Today, we step away from the usual roundup of what we're watching and ignoring in order to cast a wider net over a busy week in international politics. Here are short cuts on several of the most important stories.
Bibi's in big trouble
Even after winning elections in April, Israeli Prime Minister Benjamin Netanyahu, also known as Bibi, was unable to form a government before Wednesday's deadline, a first in Israeli history. Now new elections must be held on September 17.
Opposition leader, and former Defense Minister, Benny Gantz appears set to again lead his Blue and White coalition against Netanyahu. The stakes are high for Bibi – he is facing corruption charges, and wants to be in a position to pass laws that grant him immunity from prosecution while he is in office.
One twist: this week, Gantz publicly floated the idea of a unity government between Blue and White and Netanyahu's Likud party—as long as Netanyahu is not prime minister. Could that happen? Likud may well come out in front in September, but Netanyahu's unprecedented failure to form a government means that his fellow Likudniks might start to see him as expendable after the vote.
New Zealand Hack Attack Reveals a Dangerous Global Trend
In New Zealand this week, the opposition National Party leaked details of the government's budget plan two days before it was to be publicly unveiled, and the country's Treasury claims the info came from hacking government computers. The National Party denies it hacked anything, and the Treasury won't say who it believes was behind the attack.
The resulting controversy echoes questions over Donald Trump's presidential campaign, in which information about his opponent Hillary Clinton was stolen by the Russian government, but it poses a question that will surely be asked in countries around the world in coming years: As hacking makes it easier than ever to access sensitive data, what should a political party do when it's offered illegally obtained but politically valuable information by an outside actor? In some cases, an actor based in another country?
The Mueller Effect
President Trump responded to the public statement from Robert Mueller earlier this week, in which the Special Counsel made clear that his report does not exonerate the president on obstruction of his investigation but that he chooses not to add more than is already in his report. The president's response? Mueller, he said, was just "highly conflicted" by anger at Trump for not naming him FBI director and a past disagreement over an unspecified business deal.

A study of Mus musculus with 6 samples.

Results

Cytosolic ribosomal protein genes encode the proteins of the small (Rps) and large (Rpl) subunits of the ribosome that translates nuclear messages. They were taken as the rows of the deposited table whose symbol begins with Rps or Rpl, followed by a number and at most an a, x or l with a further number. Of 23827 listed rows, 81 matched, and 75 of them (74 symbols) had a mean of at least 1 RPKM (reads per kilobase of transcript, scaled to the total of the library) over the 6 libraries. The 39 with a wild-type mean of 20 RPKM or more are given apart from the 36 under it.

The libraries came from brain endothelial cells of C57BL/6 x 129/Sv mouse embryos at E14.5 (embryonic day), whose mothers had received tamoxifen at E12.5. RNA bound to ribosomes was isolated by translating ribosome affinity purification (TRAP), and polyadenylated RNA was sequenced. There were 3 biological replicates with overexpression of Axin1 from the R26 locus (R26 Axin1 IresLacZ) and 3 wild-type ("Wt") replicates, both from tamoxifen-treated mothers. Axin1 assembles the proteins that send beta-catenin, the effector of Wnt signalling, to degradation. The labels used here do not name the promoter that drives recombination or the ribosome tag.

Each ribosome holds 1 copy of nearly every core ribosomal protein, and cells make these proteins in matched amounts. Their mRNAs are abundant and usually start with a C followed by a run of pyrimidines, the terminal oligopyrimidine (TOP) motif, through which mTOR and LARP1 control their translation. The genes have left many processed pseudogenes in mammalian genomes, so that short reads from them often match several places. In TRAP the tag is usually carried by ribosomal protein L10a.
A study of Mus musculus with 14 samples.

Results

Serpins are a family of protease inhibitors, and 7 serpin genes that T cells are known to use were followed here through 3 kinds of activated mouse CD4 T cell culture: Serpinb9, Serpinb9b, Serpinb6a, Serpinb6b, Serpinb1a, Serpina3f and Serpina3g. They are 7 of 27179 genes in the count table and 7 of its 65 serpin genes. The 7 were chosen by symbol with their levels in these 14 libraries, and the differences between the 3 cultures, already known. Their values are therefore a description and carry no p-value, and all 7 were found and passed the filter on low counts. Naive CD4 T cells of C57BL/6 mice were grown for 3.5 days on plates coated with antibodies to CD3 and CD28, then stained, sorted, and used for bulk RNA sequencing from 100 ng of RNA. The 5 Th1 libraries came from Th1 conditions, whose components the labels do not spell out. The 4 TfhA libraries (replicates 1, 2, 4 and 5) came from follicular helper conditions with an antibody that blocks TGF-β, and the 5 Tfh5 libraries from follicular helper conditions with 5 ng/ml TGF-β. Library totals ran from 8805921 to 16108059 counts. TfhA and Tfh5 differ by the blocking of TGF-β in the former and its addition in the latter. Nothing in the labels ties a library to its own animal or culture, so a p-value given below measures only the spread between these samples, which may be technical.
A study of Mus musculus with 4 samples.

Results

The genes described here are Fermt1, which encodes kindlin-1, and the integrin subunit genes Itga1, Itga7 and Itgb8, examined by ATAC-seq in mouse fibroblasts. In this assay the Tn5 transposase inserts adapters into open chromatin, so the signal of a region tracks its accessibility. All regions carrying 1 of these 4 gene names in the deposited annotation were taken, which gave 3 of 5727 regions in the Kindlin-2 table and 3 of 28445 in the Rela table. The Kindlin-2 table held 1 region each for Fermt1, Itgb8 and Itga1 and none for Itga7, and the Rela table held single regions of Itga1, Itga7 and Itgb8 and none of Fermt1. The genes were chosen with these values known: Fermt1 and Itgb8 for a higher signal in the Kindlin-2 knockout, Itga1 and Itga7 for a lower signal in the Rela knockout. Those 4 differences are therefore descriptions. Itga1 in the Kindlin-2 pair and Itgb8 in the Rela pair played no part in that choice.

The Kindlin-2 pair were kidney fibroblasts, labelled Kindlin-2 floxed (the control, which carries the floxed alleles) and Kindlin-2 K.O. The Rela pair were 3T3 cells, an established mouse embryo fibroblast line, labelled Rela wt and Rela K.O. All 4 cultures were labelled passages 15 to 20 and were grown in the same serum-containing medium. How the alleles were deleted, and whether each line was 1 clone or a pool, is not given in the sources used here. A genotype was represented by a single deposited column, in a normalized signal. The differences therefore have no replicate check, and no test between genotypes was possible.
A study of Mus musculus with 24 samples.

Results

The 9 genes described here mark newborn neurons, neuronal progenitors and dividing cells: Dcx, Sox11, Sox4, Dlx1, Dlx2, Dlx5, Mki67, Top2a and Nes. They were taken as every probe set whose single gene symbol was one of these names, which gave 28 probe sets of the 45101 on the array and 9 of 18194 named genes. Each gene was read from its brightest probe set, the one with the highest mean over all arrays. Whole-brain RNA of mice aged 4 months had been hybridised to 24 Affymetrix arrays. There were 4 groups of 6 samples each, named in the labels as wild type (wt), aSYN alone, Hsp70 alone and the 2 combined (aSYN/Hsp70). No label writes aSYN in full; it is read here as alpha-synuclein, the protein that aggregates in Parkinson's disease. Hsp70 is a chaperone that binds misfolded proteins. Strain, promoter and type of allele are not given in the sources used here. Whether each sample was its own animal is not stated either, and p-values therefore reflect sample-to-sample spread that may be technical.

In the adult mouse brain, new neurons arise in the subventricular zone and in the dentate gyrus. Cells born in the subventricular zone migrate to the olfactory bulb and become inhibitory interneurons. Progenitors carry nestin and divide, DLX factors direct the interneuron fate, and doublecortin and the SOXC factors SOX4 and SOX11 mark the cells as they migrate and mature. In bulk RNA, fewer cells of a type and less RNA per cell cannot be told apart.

Did Mueller's statement light the fuse of impeachment or leave all sides disappointed? Click here for our take(s) on one of the biggest stories of the week.
Boris Goes to Court
Boris Johnson may be the odds-on favorite to succeed Theresa May as Conservative Party leader and prime minister of the UK, but a judge ruled this week that he must appear in court to face charges that he lied and misled the public during the Brexit referendum campaign in 2016. Under British law, a public official can be charged with misconduct if he or she knowingly misleads the public on a matter of important public interest. At issue: Johnson's false claim before the Brexit vote that the UK's membership in the EU was costing British taxpayers £350m ($440 million) a week.
Britain's prosecuting authority can shut this case down if it chooses, but Johnson can't be pleased to see so much scrutiny of his credibility on the eve of his best-ever chance to become prime minister.
Africa's Kind of (a) Big Deal
The African Continental Free Trade Agreement, which would create a single market of more than 1.2 billion people if all African countries eventually sign up, went into effect this week. At the moment, much of Africa's trade is with countries outside the continent but the deal could boost continental commerce more than 50%, says the UN, spurring economic growth and creating jobs for Africa's soaring youth population.
Still, the deal, which would allow "free movement of business persons and investment" among member states, remains a work very much in progress. First, the countries that have already signed up have until July to decide how the agreement will actually work. Second, just 24 of Africa's 54 countries ratified the deal so far.
Greece turns the political page
An underreported story from European Parliament elections: Syriza, Greece's governing party, performed badly enough in the bloc-wide vote that Prime Minister Alexis Tsipras has announced early elections, probably in July. Economic conditions are unlikely to improve much before the original election date in October.
The main opposition New Democracy party has promised for years that its investor-friendly approach to economic policy will help Greece recover from its deep economic crisis more quickly than Syriza can. We're likely to find out if they're right: the party stands an excellent chance of winning a majority in parliament. On the other hand, a Syriza freed of responsibility from governing might become a serious obstacle to better Greek relations with the country's European creditors.
Venezuela's Road to Nowhere
Not surprisingly, talks held in Oslo between representatives of Venezuela's government and opposition have ended without much progress. Opposition leader Juan Guaidó, recognized as Venezuela's legitimate president by dozens of other governments, has called on his supporters to return to the streets to protest. The stalemate continues because the leadership of Venezuela's military, and most other parts of the government, remains loyal to President Nicolás Maduro.
For now, Venezuela's economy continues to spiral, and 3.7 million Venezuelans have fled their country, according to the UN. No matter where Maduro's men meet Guaido's, there is little reason to believe the two sides can find common ground until the military becomes convinced that it's more dangerous to keep Maduro than to put him on a plane.